A Christmas Story

Last night, I got up to pee. I walked into the bathroom in the dark, and released Gene Creek into the Great Basin, in the dark, when I looked down and saw a moving shadow in the bowl. Remembering that a friend of mine had a snake come into his house through the toilet, I jumped back and fumbled for the light.
It was a mouse, floating in circles in the wake of the Gene Creek release of water. It had a red tail. It had a corded red tail. Both of its white eyes were on one side of its head. It was a toy mouse.
As far as I knew, only one critter in the house could fling a toy mouse with a corded red tail into the air so that said mouse could fly and land in the Great Basin. That critter, a certain feline, was lying on her back, on the living room couch, fast asleep, and she was emitting a mother-in-law snore. You know: “wheeWheeWHEE-unhhhhh.” “wheeWheeWHEE-unhhhhh.”
Meanwhile, I had a toy mouse problem: how to extract it from the Yellow Sea. Maybe you have a relationship with your pee. I do not. With your pee, or my pee.
I settled on a pair of tongs, which I use to manipulate grilled chicken. I carried the tongs to the bathroom and plunged them into the Yellow Sea. The toy mouse, like a ship without a rudder, moved counter clockwise around and around the bowl. Finally, with the finesse of a jeweler about to cut a diamond, I slowly closed the tongs until they gripped the mouse.
“Hurrah,” I cried.
I lifted the dripping mouse up, which is how I knew it was dripping, which told me I had a further problem, how not to drip pee drops on the floor.
I lowered the mouse back into the Great Basin, only this time it boated clockwise. The feline now snored loud enough to cause a change on the Richter scale: “wheeWheeWHEE-unhhhhh.” “wheeWheeWHEE-unhhhhh.”
I walked back to the kitchen. Notice, English students, that perfect declarative sentence, clean and clear, direct. But… add one word: “Naked,” I walked back to the kitchen. Notice how “naked” adds drama. I walked back into the kitchen. Who cares? Naked, I walked back into the kitchen— “eeeew,” or “ooooh.” See?
You brazenly walk naked around your house, you know you do, like Donald Trump. Do you walk furtively? Like you were guilty of something? Yes, you do The Donald.
Naked (furtively), doing The Donald, I fetched the empty bag which held this night’s chicken bones, and with chicken bag and tongs, I walked back to the bathroom. And tripped and dropped the chicken tongs into the Great Basin.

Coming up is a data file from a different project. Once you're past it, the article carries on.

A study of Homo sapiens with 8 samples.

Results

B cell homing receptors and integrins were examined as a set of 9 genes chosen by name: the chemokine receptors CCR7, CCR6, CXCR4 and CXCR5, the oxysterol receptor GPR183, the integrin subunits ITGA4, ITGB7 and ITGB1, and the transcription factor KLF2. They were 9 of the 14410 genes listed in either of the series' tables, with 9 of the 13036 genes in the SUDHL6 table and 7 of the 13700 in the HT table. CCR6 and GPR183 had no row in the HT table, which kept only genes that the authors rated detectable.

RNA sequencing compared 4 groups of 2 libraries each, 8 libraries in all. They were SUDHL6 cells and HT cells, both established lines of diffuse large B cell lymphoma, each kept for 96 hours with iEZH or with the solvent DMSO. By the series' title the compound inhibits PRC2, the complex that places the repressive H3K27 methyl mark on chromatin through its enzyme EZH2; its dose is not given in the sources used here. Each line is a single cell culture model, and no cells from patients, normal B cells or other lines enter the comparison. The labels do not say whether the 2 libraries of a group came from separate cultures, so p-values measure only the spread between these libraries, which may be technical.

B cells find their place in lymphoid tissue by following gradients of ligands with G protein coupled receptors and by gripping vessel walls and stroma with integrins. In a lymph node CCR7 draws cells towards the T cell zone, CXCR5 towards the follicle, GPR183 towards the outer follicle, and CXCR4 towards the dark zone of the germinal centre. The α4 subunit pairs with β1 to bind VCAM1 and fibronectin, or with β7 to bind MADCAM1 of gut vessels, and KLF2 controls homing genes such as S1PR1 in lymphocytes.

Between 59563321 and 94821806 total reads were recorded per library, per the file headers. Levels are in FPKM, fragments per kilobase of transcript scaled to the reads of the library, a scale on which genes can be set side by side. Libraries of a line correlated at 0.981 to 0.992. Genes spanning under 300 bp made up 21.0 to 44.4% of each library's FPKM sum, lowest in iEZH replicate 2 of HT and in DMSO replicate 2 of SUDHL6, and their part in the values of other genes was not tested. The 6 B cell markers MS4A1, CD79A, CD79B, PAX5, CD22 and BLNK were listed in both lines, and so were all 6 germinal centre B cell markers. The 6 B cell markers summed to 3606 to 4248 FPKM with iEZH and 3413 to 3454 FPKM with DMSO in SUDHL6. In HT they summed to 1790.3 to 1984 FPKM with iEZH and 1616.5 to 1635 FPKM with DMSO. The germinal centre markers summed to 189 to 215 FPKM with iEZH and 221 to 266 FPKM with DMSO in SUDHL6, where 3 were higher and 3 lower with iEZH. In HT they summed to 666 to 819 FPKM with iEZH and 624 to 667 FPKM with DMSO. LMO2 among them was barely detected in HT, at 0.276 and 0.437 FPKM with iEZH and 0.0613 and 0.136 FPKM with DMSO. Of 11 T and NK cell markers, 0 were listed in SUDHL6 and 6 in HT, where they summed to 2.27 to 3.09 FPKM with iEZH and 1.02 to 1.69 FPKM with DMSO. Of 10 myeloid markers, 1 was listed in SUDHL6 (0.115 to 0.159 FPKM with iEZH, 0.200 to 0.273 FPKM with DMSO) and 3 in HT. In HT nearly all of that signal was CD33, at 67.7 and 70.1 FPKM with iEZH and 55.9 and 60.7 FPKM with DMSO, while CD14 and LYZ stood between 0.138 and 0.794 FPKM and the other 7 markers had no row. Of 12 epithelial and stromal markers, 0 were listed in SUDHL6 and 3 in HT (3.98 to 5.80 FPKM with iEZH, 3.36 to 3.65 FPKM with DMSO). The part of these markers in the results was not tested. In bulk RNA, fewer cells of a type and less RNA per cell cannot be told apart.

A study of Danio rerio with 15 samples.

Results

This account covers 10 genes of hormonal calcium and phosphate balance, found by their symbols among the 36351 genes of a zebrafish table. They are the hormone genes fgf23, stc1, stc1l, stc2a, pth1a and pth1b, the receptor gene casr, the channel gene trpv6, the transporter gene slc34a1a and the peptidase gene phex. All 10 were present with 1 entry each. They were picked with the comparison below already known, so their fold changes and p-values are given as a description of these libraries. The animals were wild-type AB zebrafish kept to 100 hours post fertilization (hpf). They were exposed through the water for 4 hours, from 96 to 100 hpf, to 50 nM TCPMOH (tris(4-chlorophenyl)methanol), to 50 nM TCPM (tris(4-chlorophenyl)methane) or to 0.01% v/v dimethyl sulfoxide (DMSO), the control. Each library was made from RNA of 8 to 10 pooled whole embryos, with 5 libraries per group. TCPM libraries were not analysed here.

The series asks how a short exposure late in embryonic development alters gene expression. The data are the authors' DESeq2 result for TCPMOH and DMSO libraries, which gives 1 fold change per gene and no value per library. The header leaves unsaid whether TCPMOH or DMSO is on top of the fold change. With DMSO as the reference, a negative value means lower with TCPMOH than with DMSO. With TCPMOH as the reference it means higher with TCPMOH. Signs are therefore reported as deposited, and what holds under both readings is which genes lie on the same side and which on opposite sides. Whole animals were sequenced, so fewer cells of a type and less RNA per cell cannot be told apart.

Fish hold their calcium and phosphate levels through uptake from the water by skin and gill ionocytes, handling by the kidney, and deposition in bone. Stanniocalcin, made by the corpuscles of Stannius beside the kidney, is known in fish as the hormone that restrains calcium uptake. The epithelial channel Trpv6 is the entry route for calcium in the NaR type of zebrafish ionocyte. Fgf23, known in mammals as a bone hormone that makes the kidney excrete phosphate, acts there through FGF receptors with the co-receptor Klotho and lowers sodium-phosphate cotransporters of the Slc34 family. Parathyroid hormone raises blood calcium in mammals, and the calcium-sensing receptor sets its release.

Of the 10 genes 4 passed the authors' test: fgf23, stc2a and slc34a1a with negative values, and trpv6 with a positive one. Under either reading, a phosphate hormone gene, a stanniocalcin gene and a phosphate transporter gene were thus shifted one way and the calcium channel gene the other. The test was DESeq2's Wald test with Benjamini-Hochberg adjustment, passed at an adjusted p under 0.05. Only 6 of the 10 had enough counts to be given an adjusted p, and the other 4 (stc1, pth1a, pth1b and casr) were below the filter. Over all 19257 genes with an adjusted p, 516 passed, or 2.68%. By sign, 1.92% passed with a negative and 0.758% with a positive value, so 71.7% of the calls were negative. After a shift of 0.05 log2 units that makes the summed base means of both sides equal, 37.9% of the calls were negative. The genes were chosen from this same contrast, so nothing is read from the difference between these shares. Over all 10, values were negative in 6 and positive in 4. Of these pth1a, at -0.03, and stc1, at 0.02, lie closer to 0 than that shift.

Now (naked), I had a bag of chicken bones but no plucker. You can’t get far in the mouse toy fetching business without a plucker. Worst of all, I was waking up, and “The Little Drummer Boy,” the Bing Crosby version, began to play and replay in my head.
“Come, they told me, Parumpum-pum-pum!”
“wheeWheeWHEE-unhhhhh.” “wheeWheeWHEE-unhhhhh.”
Bing Crosby: “Come, they told me, Parumpum-pum-pum!”
I screamed for courage and lowered myself to one knee, plunged my right hand into the Great Basin and plunked the toy mouse with the red, corded tail into the bag of chicken bones, and plucked out the grilled chicken tongs, put my right hand into the bag of chicken bones and proceeded to the sink where I washed the soiled appendage and the plucker.
Bing Crosby: “Come, they told me. Parumpum-pum–”
The snoring had stopped.
The feline was standing in the doorway with yet another corded-tail toy mouse in her mouth. She lowered her head in preparation for a launch.
Quickly (and naked), I lowered the lid of the great basin, the motion of which made my “boys” … well, Bing Crosby: “Parumpum-pum-pum!”
The feline laughed. The effing feline watched my “boys” … you know, Bing Crosby: Parumpum-pum-pum! and laughed at me.
So, I skulked back to bed. I pulled on some sweat pants, to hide my furtive nakedness from myself, took a couple hits from that pipe you don’t tell Grandma about, and gradually I fell asleep.
I was having a pleasant dream. I was standing under a waterfall, and the jazz goddess Esperanza Spaulding was there playing her bass fiddle. I reached to touch her…
And I woke. Someone was in my bed. I reached and touched a bony shoulder. The owner of the shoulder turned and kissed me, beard stubble caressing—
Esperanza Spaulding has beard stubble?
He—HE—sang: “Come, they told me, Parumpum-pum-pum!”
And from the living room came such a clatter: “wheeWheeWHEE-unhhhhh.” “wheeWheeWHEE-unhhhhh.”
Merry Christmas from Gene and Scout.

About Eugene Jones Baldwin

I am a writer: non-fiction, fiction, journalism (Alton Telegraph), essays (The Genehouse Chronicles) and have a website: eugenebaldwin.com. I've published a couple dozen short stories and had eleven plays produced. Current projects: "Brother of the Stones" (available on Kindle), a book of short stories; "The Faithful Husband of the Rain, short stories"; "A Black Soldier's Letters Home, WWII,;" "There is No Color in Justice," a commentary on racism; "Ratkillers," a new play. I am an avocational archaeologist and I take parts of my collection of several thousand Indian artifacts (personal finds) to schools, nature centers, libraries etc. and talk about the 20,000 year history of The First people in Illinois. (See link to website) I'm also a playwright (eleven plays produced), musician, historian (authority on the Underground Railroad in Illinois, the Tuskegee Airmen) and teacher.